Last post I ended with the outside material cut for the poweriser bag. Next we need to do the inside material for the bag.
Because no one is actually going to see the inside very clearly, I decided to use some material that I had left lying around from other projects. It’s not bad material, it’s thick enough and does have a pattern, however some of it is not big enough for the whole size of the bag. This means I may need to cut it and sew together parts to make it big enough.
For the parts that are big enough, it’s just a matter of getting one of the outer pieces and lying it on top of the material and cutting around it. If it isn’t big enough the first step is similar. Lie the largest piece down on the table and then cover it with the outer material.
Then cut around the parts that are over hanging to be able to make as much of the shape as you can. Once you’ve got the first part of the shape, the next step is to find another piece that’s going to fit in the gap. When you place it on the table, over lap the old piece with the new piece as below…
Lay the outer material down again and cut around the edges so that the new piece also is trimmed to the right size.
Once this is done, we’re ready to sew the two pieces together to make the whole thing like one piece of material. Remove the outer material altogether and any scraps let over from cutting.
As you can see above, the next step is to put pins through the two pieces where they overlap so that we can then lift the piece of material up and take it to the sewing machine to join then together.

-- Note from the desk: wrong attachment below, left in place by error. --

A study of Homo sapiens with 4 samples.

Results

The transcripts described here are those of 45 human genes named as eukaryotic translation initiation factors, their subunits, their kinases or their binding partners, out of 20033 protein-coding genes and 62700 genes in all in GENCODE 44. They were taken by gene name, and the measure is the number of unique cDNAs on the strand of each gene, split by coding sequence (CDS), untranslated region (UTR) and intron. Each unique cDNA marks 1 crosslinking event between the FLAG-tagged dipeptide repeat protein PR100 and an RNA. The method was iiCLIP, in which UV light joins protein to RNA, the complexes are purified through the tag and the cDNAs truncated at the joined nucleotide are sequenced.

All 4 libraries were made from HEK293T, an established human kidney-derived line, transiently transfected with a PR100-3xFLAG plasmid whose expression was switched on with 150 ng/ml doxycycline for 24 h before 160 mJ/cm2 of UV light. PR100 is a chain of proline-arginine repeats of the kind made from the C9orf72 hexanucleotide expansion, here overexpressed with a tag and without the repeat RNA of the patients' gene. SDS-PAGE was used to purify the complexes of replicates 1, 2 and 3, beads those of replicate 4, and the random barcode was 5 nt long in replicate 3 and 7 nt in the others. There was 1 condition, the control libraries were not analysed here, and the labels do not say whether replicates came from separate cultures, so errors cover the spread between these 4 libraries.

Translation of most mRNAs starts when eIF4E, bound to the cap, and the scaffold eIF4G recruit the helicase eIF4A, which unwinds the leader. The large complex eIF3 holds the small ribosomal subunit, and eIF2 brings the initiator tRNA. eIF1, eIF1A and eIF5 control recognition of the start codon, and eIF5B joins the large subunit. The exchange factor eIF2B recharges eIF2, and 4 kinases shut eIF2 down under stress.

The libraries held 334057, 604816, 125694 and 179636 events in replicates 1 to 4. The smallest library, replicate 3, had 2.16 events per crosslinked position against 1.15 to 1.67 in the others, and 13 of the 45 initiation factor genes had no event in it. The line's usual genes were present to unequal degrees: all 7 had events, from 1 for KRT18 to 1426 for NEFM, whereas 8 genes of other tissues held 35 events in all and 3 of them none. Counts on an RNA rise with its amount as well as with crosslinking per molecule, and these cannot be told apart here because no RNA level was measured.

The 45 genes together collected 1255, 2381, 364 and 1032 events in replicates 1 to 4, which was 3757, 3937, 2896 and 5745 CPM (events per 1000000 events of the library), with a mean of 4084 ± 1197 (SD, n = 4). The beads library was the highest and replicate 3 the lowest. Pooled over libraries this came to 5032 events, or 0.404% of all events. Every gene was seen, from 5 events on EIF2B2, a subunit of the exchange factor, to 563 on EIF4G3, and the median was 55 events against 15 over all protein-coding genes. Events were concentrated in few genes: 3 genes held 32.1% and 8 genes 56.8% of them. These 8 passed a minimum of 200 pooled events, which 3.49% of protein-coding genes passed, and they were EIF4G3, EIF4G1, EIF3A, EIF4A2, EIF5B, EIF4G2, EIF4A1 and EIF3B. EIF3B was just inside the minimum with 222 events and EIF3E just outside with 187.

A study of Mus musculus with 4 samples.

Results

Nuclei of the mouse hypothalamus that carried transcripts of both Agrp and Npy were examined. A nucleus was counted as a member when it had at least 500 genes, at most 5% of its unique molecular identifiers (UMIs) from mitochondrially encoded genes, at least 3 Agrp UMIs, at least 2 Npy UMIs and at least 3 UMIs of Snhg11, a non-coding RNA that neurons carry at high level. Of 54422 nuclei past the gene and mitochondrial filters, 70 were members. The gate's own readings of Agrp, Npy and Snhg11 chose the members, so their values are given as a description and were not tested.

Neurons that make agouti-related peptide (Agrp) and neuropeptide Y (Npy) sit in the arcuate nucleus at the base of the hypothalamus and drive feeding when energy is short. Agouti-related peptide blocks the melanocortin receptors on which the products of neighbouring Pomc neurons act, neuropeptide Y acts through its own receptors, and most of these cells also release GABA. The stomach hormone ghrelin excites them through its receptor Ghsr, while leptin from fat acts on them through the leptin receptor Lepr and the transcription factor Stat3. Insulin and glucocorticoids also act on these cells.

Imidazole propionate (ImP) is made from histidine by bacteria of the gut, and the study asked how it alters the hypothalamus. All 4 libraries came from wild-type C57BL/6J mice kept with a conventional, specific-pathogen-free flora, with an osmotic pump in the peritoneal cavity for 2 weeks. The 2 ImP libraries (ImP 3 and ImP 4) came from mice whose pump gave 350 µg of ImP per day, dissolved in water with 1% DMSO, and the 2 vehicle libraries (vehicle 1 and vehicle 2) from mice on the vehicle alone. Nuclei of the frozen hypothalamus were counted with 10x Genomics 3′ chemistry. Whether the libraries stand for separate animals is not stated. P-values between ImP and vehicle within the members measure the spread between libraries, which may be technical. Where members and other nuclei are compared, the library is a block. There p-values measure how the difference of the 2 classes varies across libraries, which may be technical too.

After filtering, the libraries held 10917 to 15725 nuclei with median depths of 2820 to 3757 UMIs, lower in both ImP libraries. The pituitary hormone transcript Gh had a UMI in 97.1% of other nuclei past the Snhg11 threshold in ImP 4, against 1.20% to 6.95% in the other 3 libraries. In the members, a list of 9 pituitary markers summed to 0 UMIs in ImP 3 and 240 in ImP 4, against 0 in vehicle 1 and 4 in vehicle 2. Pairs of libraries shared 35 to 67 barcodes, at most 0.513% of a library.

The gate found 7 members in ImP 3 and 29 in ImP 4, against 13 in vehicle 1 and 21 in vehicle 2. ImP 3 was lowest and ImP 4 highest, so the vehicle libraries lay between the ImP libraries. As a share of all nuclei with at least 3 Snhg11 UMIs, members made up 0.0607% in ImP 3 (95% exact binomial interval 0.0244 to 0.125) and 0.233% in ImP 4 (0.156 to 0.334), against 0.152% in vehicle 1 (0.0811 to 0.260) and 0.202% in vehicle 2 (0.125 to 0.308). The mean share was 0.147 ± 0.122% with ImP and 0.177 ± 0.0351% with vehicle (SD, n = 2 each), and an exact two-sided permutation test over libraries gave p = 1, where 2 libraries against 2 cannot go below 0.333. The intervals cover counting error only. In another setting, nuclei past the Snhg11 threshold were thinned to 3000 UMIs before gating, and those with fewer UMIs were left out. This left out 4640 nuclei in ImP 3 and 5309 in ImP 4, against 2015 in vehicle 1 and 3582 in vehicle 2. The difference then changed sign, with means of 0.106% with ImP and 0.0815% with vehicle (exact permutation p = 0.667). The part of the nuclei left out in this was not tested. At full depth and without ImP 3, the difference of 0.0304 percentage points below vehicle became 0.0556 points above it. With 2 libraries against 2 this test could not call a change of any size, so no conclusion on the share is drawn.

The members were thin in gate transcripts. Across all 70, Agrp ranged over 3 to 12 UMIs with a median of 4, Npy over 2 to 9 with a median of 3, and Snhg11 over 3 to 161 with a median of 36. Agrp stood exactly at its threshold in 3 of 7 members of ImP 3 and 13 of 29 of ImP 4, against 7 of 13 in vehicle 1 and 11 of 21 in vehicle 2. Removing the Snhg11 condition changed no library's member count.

Once on the sewing machine, it’s just a matter of sewing along the edge of the join with a wide zig zag stitch to ensure that the two pieces are held together. Ideally, we want to over lap the stitch a little so the fabric doesn’t fray. To make sure the join is very strong, we’ll do three rows of stitching.
Then flip the material over and do exactly the same thing, but on the patterned side this time…
Then (and you can see this in the above pic as well), run the same stitch right through the middle of the two other stitches. This probably isn’t necessary, but I wanted to be sure that with the weight of the powerisers I wasn’t going to have any problems with seams coming apart.
Each join was done the same way and I was able to get all four pieces out of the left over material I had. Here’s a view of the other side of the material.
The key thing to remember is that it doesn’t have to look great, no one will see this side of the bag. Secondly, it has to be strong. And thirdly, remember that the pattern part should face out on each part you sew together.
Finally, cut off the loose cotton where you’ve sewed and then put it aside then start on the next one. Once all four pieces are done, I’ll continue on with the next steps in the next blog post.